My post below mentions a Code of Conduct that needs to be implemented to make a lifting of the EU’s arms embargo somewhat more palatable for the United States. The EU will have to work very hard at creating and enforcing a Code that is worth more than the paper it is written on, though, for the existing Code simply doesn’t work:
Although officially the European Parliament’s hands are tied regarding armaments questions, parliamentarians increasingly see it as their duty to comment on controversial developments. This criticism has now been made into a 26-page report by Spanish Parliamentarian Raul Romeva Rueda.
Rueda’s report took issue with the EU’s code of conduct for weapons sales, which is supposed to provide a set of ethical guidelines for countries to follow. However, the document, which was created in 1998, is not legally binding. The European Parliament is overwhelmingly in favor of changing that.
“The main problem with the code of conduct is that it is a very weak instrument,” Rueda said.
The code of conduct sets a series of minimum standards for arms exports. Those include stipulations that no weapons should be sold to countries that might use them to abuse human rights. Weapons are also not to go to countries where regional conflicts are taking place, or where weapons purchases will further poverty in the population.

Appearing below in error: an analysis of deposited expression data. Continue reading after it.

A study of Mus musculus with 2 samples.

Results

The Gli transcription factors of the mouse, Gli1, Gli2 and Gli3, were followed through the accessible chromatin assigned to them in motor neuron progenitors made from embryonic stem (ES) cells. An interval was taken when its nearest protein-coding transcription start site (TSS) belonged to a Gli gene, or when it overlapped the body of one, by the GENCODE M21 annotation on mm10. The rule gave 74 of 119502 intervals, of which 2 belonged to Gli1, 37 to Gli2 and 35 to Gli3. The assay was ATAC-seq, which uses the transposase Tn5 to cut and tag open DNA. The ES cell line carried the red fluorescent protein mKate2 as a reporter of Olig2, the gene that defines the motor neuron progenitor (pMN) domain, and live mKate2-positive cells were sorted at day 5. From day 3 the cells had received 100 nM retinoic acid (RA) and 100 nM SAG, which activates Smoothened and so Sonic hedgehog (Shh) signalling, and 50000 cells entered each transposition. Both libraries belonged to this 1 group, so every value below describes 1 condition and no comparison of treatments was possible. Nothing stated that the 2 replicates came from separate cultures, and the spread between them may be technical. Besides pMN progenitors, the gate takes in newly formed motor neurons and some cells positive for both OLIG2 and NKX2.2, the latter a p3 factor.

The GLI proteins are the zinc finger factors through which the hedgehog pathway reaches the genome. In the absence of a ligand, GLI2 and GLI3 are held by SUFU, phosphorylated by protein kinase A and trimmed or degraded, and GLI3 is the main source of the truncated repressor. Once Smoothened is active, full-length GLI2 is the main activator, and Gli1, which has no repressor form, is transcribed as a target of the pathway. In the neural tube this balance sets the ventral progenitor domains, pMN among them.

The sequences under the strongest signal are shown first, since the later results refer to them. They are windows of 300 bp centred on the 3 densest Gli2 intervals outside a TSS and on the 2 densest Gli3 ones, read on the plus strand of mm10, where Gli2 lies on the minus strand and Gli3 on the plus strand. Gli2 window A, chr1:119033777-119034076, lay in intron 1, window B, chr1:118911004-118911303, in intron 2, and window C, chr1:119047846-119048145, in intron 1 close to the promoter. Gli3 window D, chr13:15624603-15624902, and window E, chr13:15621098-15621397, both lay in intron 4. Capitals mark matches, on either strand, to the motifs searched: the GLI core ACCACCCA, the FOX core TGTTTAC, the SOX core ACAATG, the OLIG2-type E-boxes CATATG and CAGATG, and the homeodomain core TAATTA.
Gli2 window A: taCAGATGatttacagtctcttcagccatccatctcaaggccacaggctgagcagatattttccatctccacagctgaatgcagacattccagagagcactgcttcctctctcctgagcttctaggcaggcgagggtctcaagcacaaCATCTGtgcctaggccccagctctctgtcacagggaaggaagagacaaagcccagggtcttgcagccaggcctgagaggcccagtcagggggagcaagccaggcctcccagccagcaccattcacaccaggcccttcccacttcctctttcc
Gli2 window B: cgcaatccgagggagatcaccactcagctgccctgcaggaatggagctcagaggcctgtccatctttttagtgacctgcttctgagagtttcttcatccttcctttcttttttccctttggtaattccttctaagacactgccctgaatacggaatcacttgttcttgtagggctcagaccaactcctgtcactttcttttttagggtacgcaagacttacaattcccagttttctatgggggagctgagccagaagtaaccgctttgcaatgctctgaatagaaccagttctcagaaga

“Some of the equipment being sent to countries is torture equipment, or equipment that is being used to apply the death penalty,” he said. “You have electric sticks, for instance, that is sometimes used by some police to force confessions.”
This has, as already mentioned in previous post, led to a vote against lifting the embargo
The question of the weapons embargo placed on China after the 1989 crushing of a pro-democracy uprising in Tiananmen Square has proved decisive among EU nations, although not in the parliament. MEPs called on the EU Council and member states to maintain the EU embargo with China and not to weaken the existing national limitations on such arm sales.
While the EU legislature’s vote is not binding, it does carry some moral weight.
According to EU External Relations Commissioner Chris Patten, China does not meet international standards on human rights. While he added that the embargo is a matter for the leaders of EU member states, he was adamant that he did not want the embargo to be cancelled.
“Without making any direct link, we have … told China that lifting the embargo would be greatly assisted if they could take concrete steps in the field of human rights,” he told parliamentarians.
Fore those who are interested the full Rueda report can be found here.